Mumbai: Migrant workers stuck in the city find themselves caught in an unending vortex of misery. First, the lockdown struck without warning and they found themselves marooned, battling the elements and the most monstrous of them all -- the coronavirus. When authorities finally deigned to take heed of their plight and announced the operation of special buses and trains to get them back home safely, nature struck another blow for those returning to Odisha and West Bengal in the form of Cyclone Amphan.
All the Shramik special trains bound for these states have been cancelled. In Maharashtra, there are more than two lakh migrant workers from Bengal and Odisha, anxious to return home. For decades, in what has been an annual ritual for these workers, they come to work in Maharashtra for six months as they need the extra income, after which they return to their farming work at home.
The lockdown swallowed their livelihoods in Mumbai and, at the other end, Amphan has reduced to naught their houses, laid waste their fields and left their families bereft in its wake. They are now consumed by panic and fear.
"We have been living in misery for the last two months, in the fond hope that some day we would be able to go home. But since the storm broke out, I learnt that my house is gone. A part of our mud dwelling caved in as the storm raged," construction worker Ratan Das told The Free Press Journal. Das is among those who toil in Mumbai for six months and returns to his home state for the remainder of the year, where he toils in his farm.
"Trains have been cancelled untill May 21 and there is no news of when services will resume. The police in Mumbai have no answer and we cannot contact anyone in West Bengal, as phone lines are out over there" said Salim Mondal, another labourer.
Most of workers have lost properties in Bengal and Odisha due to the cyclone. It has flattened standing crops and destroyed paddy fields. "This year, we have only worked for two months and were paid for that time. Since March, there has been a complete lockdown and we have not been able to send any money home. Farming is our alternative profession but now the crops too are destroyed. I don't know how we will sustain," said Rabi Mal, a worker from Odisha.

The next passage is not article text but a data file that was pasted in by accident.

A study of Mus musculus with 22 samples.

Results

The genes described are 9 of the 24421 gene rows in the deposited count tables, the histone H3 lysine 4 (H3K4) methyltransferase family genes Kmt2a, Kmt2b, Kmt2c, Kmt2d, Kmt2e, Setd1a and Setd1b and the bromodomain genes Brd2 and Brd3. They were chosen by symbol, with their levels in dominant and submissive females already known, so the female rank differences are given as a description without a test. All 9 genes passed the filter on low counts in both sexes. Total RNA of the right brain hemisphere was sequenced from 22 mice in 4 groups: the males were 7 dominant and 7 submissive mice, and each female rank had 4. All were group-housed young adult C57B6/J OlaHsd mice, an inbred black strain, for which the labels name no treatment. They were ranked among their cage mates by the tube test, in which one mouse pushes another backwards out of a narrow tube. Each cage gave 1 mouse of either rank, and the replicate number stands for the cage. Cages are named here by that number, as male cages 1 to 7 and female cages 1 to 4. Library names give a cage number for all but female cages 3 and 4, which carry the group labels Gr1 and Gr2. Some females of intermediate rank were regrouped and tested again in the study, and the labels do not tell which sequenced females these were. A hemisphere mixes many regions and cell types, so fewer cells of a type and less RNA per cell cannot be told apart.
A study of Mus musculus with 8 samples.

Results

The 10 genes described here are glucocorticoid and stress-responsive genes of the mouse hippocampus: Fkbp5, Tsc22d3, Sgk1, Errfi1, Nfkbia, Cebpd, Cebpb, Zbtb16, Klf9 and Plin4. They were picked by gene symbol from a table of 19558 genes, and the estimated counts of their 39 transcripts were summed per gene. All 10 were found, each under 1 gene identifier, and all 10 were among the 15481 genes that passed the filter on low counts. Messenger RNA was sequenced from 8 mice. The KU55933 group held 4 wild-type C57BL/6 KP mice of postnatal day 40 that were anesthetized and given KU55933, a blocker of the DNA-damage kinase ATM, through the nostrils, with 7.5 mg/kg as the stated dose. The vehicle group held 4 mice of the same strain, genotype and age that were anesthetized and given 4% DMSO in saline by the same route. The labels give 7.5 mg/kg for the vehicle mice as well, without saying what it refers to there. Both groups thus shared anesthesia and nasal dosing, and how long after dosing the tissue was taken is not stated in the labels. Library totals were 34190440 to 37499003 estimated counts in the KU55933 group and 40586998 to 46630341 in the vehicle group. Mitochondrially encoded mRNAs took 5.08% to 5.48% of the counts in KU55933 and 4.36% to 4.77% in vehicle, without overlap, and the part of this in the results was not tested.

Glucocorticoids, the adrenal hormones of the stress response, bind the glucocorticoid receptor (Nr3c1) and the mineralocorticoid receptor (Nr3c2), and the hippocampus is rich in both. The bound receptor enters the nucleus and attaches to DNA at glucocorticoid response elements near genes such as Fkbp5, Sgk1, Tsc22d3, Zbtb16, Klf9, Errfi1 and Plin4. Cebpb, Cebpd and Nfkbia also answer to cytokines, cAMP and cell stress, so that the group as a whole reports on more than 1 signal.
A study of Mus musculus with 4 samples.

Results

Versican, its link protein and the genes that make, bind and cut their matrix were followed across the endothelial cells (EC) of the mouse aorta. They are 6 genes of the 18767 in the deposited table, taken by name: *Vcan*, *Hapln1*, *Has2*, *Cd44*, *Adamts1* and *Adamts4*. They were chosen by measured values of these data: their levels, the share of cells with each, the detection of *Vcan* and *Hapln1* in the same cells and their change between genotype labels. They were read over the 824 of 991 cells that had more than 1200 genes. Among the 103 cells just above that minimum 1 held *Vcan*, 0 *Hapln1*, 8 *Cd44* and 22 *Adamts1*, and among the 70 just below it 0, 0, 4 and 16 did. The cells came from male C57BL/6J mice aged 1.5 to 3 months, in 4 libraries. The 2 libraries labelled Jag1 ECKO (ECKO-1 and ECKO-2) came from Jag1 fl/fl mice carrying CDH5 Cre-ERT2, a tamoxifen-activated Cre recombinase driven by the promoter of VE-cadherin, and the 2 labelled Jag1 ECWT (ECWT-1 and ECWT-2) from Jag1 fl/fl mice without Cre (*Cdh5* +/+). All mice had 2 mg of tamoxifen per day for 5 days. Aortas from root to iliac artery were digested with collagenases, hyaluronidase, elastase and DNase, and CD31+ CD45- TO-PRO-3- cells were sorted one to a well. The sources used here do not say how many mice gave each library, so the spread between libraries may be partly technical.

"In the lock down. We suffered huge losses. The little hope we had has been snuffed out by the cyclone. Now, we have no hope left. None of the governments are also saying anything" lamented Komal Barik, who works as an artisan in Mumbai for six months every year and then goes back to plough his paddy fields after monsoon. Since the labourers received a notification that the trains have been suspended, some of them began walking home. However, they were tracked by the Mumbai Police and packed off to their camps.
"As many as 27 of us hailing from Odisha and West Bengal started walking from Govandi the day we got news about the cancellation of trains. But a group of police officers saw us and sent us back," recounted a dismayed Arun Tiru, a daily-wage earner.
"The police also gave us a stern warning, not to leave the camps and go out in large numbers," Tiru added. The incident of workers gathering at Bandra Terminus has made them fearful. On the one hand, there is the cyclone in the east; and, on this side, the novel coronavirus pandemic is ripping through. Hope is but a distant dream.